Updated: 2006-03-07 15:21

For once, Israeli politicians aren't so quick to promise peace. Broadcast campaigns for March 28 elections kicked off on Tuesday with little of the past rhetoric by Israel's high-flying hawks and doves on how best to end conflict in the Middle East.

A Palestinian woman receives food aid donated by the European Union at the UN offices in Balata refugee camp near the West Bank city of Nablus March 6, 2006. [Reuters]

Instead, the dominant Kadima Party and main rivals Labor and Likud made do with more modest vows to set Israel's borders through unilateral West Bank withdrawals. Fringe factions preferred to focus on issues such as crime and the economy.

There was also sniping aplenty in an election shaping up to be as much about candidates' personalities as their policies.

Political analysts call it a response to a public worn out by war. With Islamic Hamas militants ascendant among the Palestinians and deepening international uncertainty over Iran's nuclear program, few in Israel now expect peace in their time.

"The country has sobered up, accepting that, in the best of cases, all that can be hoped for is calm rather than any permanent settlement," said Raviv Drucker, political correspondent for Israel's Channel 10 television.

To many Israelis, the sense of insecurity seems to justify unilateral moves taken by Prime Minister Ariel Sharon in the face of a Palestinian uprising -- withdrawal from the Gaza Strip last year and the prospect of wider pullbacks in the West Bank.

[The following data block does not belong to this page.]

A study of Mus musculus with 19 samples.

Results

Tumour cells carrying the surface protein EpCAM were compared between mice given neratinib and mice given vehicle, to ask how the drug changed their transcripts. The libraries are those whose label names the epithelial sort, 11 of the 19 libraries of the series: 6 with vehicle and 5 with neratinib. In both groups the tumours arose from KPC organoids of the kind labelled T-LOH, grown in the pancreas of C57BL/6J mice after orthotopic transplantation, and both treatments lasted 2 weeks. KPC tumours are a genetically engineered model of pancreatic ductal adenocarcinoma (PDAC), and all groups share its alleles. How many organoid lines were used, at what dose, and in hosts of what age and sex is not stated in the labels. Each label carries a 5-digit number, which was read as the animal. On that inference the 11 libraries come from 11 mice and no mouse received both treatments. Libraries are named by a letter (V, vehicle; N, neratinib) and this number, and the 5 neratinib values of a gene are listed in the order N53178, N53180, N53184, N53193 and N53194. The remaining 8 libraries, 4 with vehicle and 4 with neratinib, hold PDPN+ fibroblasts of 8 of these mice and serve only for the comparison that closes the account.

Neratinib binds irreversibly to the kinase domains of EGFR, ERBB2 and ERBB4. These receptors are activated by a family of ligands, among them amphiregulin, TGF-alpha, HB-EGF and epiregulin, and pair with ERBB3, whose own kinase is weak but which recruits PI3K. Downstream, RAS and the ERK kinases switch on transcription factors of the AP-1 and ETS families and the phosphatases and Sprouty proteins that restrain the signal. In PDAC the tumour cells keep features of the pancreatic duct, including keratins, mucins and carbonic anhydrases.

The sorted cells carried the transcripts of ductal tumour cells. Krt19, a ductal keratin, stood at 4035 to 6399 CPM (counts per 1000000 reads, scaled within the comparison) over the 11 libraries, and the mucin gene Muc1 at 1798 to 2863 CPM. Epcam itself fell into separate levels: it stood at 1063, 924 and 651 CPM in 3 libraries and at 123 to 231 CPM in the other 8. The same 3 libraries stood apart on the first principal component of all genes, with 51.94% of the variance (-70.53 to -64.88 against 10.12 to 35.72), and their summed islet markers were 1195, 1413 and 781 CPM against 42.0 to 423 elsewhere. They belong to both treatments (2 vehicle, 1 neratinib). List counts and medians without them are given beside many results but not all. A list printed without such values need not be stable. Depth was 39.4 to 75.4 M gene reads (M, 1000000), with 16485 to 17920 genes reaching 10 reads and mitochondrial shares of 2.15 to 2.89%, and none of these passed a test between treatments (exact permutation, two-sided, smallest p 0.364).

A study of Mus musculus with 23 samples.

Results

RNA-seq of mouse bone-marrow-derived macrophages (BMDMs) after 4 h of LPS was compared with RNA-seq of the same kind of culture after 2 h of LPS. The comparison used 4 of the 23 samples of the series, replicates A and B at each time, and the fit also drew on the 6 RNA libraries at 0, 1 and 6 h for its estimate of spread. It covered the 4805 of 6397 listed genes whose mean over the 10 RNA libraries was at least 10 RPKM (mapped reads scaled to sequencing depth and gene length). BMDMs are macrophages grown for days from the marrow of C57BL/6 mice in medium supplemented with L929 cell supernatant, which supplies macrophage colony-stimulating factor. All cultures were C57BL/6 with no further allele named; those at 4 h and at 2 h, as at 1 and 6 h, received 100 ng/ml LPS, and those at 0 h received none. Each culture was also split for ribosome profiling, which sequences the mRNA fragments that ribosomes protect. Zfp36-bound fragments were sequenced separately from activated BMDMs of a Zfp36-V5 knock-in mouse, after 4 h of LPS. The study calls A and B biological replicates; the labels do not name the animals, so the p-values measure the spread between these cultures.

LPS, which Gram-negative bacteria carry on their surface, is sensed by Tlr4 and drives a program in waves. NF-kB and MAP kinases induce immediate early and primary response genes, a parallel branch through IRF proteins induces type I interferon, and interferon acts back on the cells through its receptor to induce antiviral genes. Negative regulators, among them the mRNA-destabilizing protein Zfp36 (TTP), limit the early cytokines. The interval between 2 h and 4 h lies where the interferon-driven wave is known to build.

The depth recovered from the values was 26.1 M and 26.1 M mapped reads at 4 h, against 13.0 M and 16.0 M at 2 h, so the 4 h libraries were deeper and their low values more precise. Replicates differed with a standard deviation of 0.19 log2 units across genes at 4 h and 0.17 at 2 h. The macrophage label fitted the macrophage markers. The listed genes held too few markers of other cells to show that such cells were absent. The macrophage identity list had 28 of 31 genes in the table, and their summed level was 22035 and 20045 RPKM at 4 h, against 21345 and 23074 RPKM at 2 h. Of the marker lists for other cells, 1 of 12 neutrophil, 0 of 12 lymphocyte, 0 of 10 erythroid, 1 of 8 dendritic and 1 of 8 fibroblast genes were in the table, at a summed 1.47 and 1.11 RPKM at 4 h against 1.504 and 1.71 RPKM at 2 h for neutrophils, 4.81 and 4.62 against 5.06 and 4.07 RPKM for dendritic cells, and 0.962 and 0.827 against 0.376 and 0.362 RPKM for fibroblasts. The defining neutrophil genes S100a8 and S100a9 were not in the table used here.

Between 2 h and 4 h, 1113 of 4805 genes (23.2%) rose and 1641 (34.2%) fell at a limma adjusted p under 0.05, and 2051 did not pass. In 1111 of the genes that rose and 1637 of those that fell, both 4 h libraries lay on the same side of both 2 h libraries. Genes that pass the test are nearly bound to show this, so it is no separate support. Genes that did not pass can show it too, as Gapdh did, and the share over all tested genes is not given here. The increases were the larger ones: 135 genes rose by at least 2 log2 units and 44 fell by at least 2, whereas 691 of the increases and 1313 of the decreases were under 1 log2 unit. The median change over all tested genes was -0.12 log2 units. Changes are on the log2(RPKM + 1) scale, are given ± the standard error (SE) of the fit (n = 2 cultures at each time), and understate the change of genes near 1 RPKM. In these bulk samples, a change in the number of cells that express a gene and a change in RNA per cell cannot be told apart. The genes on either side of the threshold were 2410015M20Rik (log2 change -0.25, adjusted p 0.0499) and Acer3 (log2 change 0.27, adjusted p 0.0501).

Though Sharon was incapacitated by a stroke on January 4, his successor, Ehud Olmert, has cast himself as loyal executor of the prime minister's so-called "disengagement" policies and thus kept Kadima as frontrunner in the race.

Never mind that the centrist party, custom-made by and for Sharon after he bolted the restive right-wing Likud, has been widely criticized for lacking a clear vision on Israel's future.

"The polls predict victory for Kadima, proving that many prefer to vote for power rather than ideology," wrote Gilad Grossman, a commentator with Maariv newspaper.


Kadima is not alone in putting pragmatism over dreams of a "Greater Israel" on occupied land Palestinians want for a state or, alternatively, of ceding territory as a guarantee for peace.

Center-left Labor, which while in government in 1993 signed pioneering accords with the Palestinians, has now opted for the less-than-epic slogan "Fighting terror, defeating poverty."

Though it opposed giving up Gaza, Likud is not pledging to take it back. Much of its election campaign has focused on Israel's recent economic recovery, for which Likud's leader, ex-Finance Minister Benjamin Netanyahu, claims credit.

All three major parties favor Israel keeping large Jewish settlement blocs in the West Bank forever, even though the Palestinians have said this would spell the end of peacemaking.

"The ideological gaps between the parties have shrunken to such an extent that this now more of a contest of personalities," Drucker said.

Likud strategists have dubbed Olmert "Smolmert," a play on the Hebrew word for leftist, while one Kadima spot urges voters to take note of what it calls Netanyahu's "lying eyes." Likud and Kadima alike mocked pledges by Labor chief Amir Peretz, a veteran trade unionist, to keep Israel's free market robust.

After the election, alliances are seen as inevitable.

Given a long-term rivalry between Olmert and Netanyahu, Kadima is expected to join forces with Labor for a national unity government strong enough to push through West Bank withdrawals in the face of Jewish ultranationalist ire.